The lissencephaly-pachygyria spectrum is useful in describing the spectrum of diseases that cause relative smoothness of the brain surface and includes:
- agyria: no gyri
- pachygyria: broad gyri
- lissencephaly: smooth brain surface
Lissencephaly-pachygyria can be further divided into types I (classic) and type II, which differ in clinical presentation, underlying genetic abnormalities, and both microscopic and macroscopic (including imaging) appearances 2,6. They themselves represent a heterogeneous group of disorders. This article highlights a few generalities and outlines the differences between the two types, which are otherwise discussed separately:
Type I (classic) lissencephaly typically presents with marked hypotonia and paucity of movement.
Although lissencephaly can be identified on all cross-sectional modalities (antenatal and neonatal ultrasound, CT and MRI), MRI is the modality of choice to fully characterise the abnormalities.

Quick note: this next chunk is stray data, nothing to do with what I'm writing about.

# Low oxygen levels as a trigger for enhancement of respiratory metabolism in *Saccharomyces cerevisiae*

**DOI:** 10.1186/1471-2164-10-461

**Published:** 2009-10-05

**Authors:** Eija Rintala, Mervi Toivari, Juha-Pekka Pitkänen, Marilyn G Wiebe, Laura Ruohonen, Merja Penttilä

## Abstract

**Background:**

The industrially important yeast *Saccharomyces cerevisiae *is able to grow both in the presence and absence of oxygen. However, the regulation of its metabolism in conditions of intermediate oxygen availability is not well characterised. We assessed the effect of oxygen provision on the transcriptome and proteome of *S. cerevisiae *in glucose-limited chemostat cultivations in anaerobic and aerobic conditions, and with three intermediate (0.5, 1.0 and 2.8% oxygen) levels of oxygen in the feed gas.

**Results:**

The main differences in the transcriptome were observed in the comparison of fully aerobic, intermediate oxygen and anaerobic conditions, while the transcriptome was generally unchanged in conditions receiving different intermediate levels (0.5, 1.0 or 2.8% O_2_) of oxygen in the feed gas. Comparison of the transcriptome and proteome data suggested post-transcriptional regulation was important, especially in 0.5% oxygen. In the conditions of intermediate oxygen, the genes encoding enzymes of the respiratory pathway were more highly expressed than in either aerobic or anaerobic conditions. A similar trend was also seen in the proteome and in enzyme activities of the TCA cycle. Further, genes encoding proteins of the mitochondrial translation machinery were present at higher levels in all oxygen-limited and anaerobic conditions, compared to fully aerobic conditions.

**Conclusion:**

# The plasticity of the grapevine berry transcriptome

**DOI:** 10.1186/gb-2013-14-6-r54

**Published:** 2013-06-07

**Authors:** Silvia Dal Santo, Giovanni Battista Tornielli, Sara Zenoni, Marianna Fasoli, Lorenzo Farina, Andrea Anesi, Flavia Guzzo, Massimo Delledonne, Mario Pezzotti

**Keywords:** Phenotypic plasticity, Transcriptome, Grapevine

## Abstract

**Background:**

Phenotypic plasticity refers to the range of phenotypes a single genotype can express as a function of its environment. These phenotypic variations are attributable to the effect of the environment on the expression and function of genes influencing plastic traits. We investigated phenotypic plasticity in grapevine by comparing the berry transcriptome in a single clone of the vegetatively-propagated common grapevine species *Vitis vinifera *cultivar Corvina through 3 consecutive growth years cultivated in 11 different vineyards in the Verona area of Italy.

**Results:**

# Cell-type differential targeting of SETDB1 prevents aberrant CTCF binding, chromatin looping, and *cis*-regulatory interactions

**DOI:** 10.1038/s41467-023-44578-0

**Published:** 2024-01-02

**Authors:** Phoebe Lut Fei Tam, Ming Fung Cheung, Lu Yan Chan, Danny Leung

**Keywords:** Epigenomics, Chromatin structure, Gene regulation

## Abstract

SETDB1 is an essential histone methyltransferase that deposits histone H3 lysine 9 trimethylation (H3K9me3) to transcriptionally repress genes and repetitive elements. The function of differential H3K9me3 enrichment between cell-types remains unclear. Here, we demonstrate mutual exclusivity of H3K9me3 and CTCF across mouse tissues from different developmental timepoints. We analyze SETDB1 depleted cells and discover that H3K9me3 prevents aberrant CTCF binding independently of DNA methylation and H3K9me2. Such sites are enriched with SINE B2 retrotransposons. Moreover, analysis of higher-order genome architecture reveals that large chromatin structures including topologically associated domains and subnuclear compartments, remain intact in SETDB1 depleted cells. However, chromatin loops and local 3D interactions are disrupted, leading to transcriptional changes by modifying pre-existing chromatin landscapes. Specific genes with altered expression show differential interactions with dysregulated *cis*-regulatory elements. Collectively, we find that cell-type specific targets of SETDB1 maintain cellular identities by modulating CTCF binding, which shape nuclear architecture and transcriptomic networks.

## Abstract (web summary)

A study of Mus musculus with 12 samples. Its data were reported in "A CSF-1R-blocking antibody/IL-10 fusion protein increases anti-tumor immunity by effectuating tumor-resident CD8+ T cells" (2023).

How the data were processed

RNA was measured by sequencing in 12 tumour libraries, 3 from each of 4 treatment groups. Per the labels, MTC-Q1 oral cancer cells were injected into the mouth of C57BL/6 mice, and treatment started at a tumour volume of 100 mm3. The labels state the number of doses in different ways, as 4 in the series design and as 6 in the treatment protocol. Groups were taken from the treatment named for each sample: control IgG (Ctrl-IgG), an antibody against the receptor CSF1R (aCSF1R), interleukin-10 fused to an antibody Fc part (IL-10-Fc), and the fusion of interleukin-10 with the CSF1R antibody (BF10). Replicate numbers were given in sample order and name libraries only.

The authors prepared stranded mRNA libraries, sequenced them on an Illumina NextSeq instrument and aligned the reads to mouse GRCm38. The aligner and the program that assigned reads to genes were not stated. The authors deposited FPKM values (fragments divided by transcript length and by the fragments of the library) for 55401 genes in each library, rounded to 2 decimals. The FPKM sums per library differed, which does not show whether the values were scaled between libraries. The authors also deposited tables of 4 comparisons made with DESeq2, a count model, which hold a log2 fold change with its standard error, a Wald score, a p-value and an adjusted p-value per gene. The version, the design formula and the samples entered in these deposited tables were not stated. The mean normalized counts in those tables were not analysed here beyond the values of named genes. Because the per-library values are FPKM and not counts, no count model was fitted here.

Type I and type II lissencephaly demonstrate vaguely similar appearances (thus the common term lissencephaly) but different macroscopic and imaging appearances are visible.
Type I (classic) lissencephaly can appear as the classic hour glass or figure-8 appearance or with a few poorly formed gyri (pachygyria) and a smooth outer surface. It is usually associated with band heterotopia.
Type II lissencephaly on the other hand has a microlobulated surface referred to as a cobblestone complex. Band heterotopia is not evident and the cortex is thinner than in type I.